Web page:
PHOENIX – On Wednesday this week, Sen. Kimberly Yee, R-Glendale, brought former U.S. Supreme Court Justice Sandra Day O’Connor to the Arizona State Senate to speak about civics. Yee pointed out that O’Connor was the first female senate majority leader. Some 40 years later, Yee is the second. O’Connor also visited the Arizona House of Representatives later that day.
Senate Minority Leader Sen. Katie Hobbs, D-Phoenix, introduced her guest on Wednesday as well: former state senator and minority leader Alfredo Gutierrez.
Later on Wednesday, over at the House of Representatives, Rep. Bob Thorpe, R-Dist 6, gave a pretty weird apology on the House floor. In the beginning of the session, he publicly apologized for his treatment of a fellow lawmaker, saying “I overstepped my authority.” He didn’t name who he over stepped his authority with, but he asked Rep. Isela Blanc, D-Dist 26, to step outside the House building to talk. She refused.
As current law states, when a student leaves a school and decides to switch to another school, the original school can say they aren’t allowed to do so, and point to segregation laws to uphold their reasoning. This has not actually happened in Arizona according to the Education Committee, which is why SB1254 would remove that wording.
“It’s archaic language,” Sen. Gail Griffin, R-Cochise, said. That’s why she sponsored Senate bill 1254.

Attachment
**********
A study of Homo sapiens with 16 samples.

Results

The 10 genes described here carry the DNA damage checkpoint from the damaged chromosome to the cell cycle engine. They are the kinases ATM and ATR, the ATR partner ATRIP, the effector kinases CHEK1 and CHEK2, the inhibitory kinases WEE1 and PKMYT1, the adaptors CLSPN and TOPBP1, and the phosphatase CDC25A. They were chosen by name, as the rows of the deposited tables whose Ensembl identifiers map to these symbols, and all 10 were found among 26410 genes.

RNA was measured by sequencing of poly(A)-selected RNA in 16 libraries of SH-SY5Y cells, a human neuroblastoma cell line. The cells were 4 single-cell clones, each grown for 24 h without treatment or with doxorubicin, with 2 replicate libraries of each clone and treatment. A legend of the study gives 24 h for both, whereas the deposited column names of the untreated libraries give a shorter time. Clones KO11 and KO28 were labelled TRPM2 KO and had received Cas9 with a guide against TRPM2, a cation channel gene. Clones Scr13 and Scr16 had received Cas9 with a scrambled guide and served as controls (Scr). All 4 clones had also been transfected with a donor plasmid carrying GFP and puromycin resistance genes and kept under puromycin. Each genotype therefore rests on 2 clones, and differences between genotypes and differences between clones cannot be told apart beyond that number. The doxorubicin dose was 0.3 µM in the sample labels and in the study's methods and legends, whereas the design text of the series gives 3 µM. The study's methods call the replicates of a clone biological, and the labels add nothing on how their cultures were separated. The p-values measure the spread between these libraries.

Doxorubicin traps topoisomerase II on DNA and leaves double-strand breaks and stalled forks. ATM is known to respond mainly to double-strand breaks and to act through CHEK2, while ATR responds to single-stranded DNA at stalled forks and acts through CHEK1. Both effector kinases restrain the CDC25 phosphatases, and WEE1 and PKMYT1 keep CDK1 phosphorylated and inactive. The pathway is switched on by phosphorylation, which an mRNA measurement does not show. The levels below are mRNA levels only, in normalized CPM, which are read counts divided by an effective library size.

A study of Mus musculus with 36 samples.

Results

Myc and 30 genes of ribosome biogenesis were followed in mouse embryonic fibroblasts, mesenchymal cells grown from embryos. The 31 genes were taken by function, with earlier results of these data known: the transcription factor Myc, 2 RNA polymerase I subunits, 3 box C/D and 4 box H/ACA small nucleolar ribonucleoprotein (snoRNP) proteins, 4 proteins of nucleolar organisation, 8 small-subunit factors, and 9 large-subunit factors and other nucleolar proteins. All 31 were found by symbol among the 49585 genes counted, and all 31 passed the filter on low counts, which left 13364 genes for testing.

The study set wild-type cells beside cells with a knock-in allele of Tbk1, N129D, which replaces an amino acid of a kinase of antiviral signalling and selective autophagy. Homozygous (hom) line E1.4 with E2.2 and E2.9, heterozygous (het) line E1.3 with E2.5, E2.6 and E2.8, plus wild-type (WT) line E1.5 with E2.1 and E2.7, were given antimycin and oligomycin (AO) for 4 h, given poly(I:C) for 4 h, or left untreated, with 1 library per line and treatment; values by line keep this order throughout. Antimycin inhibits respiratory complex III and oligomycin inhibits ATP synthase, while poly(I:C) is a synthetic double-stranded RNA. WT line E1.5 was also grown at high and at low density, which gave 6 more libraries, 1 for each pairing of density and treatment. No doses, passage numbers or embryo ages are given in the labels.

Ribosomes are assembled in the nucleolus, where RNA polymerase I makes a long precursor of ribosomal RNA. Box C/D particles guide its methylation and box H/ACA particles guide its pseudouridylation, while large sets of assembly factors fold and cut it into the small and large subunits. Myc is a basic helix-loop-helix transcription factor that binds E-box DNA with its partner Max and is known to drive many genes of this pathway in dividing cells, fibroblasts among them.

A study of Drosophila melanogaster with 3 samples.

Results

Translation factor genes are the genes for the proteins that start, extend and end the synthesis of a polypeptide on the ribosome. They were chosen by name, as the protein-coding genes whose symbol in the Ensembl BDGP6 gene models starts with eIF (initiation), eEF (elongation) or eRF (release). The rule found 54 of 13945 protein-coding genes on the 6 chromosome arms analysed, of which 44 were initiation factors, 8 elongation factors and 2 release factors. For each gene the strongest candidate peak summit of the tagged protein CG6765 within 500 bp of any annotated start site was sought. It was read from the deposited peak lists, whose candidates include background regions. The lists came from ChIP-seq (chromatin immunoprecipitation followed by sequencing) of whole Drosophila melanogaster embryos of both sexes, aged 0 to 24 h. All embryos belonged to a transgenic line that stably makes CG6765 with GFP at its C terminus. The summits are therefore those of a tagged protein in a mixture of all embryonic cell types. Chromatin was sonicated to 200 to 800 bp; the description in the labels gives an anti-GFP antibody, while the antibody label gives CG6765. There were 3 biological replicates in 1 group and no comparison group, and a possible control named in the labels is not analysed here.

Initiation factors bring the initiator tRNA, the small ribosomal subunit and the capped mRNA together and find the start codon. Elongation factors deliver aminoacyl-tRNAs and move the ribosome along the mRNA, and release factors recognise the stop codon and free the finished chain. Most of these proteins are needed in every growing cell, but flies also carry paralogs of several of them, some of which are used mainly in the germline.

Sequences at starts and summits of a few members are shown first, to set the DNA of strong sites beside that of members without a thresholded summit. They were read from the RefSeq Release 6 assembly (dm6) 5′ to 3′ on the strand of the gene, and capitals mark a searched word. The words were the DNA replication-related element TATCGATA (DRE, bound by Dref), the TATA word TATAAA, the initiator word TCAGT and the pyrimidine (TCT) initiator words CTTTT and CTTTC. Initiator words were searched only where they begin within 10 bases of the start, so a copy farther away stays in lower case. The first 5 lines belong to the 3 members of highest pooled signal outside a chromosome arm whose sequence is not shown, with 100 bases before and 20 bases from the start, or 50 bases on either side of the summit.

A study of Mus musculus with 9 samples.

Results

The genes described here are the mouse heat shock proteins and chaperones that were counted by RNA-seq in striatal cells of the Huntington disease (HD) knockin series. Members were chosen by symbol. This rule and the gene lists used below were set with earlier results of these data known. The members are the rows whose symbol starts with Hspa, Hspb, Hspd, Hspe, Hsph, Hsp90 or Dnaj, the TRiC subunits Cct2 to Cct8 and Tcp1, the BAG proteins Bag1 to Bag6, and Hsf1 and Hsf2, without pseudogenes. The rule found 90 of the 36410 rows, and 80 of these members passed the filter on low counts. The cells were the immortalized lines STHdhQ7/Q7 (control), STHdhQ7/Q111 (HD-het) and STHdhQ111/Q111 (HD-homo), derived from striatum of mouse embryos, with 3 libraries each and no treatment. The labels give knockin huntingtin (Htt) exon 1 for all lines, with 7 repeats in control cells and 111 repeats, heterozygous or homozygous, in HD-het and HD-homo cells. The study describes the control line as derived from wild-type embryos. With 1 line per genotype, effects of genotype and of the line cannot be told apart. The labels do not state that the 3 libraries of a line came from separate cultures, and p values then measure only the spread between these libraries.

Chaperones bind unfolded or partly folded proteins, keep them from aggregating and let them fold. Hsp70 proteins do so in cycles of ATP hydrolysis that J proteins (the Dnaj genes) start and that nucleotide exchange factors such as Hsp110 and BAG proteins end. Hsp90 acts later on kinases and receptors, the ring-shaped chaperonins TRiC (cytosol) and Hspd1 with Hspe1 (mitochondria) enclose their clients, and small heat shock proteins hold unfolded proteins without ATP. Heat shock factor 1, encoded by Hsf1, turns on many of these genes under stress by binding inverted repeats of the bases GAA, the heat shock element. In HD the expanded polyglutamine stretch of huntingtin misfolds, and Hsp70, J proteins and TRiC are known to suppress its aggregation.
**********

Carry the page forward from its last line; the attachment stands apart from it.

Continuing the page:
SB1254 passed through the House Education Committee on Monday. It has already passed through the Senate and is now on it’s way to the House for a floor vote.
Drink, Drank, Drunk
Do you wish you could get drunk in more public places, like while you have your nails done or get a hair cut? Some state legislators sure do.
HB2337, sponsored by Rep. Jeff Weninger, R-Chandler, would temporarily increase the issuance rate of new beer and wine bar licenses. Basically, it makes it easier for Arizona businesses to obtain beer and wine licenses. It would allow craft distillers to obtain 150 daily festival licenses a year and ship directly to consumers and shortens license and acquisition of control protest periods.
The bill passed through the Senate Committee on Commerce and Public Safety and is now on it’s way to the Senate for a floor vote.
Make it Rain with a Minimum Wage Gig
Last month, the Arizona Supreme Court accepted jurisdiction over a lawsuit to block Proposition 206, the $10 minimum wage hike that was voter-approved during the last election. The court heard oral arguments on March 9, and ruled unanimously against the challenge.
“The Supreme Court has spoken,” Gov. Doug Ducey, who vocally opposed the minimum wage hike, said. “We’re going to follow the law.”
— Rachel Leingang (@rachelleingang) March 15, 2017
Christianna Silva is the Don Bolles Fellow covering the Legislature for Arizona Sonora News, a service provided by the school of journalism at the University of Arizona. Reach her at email@example.com.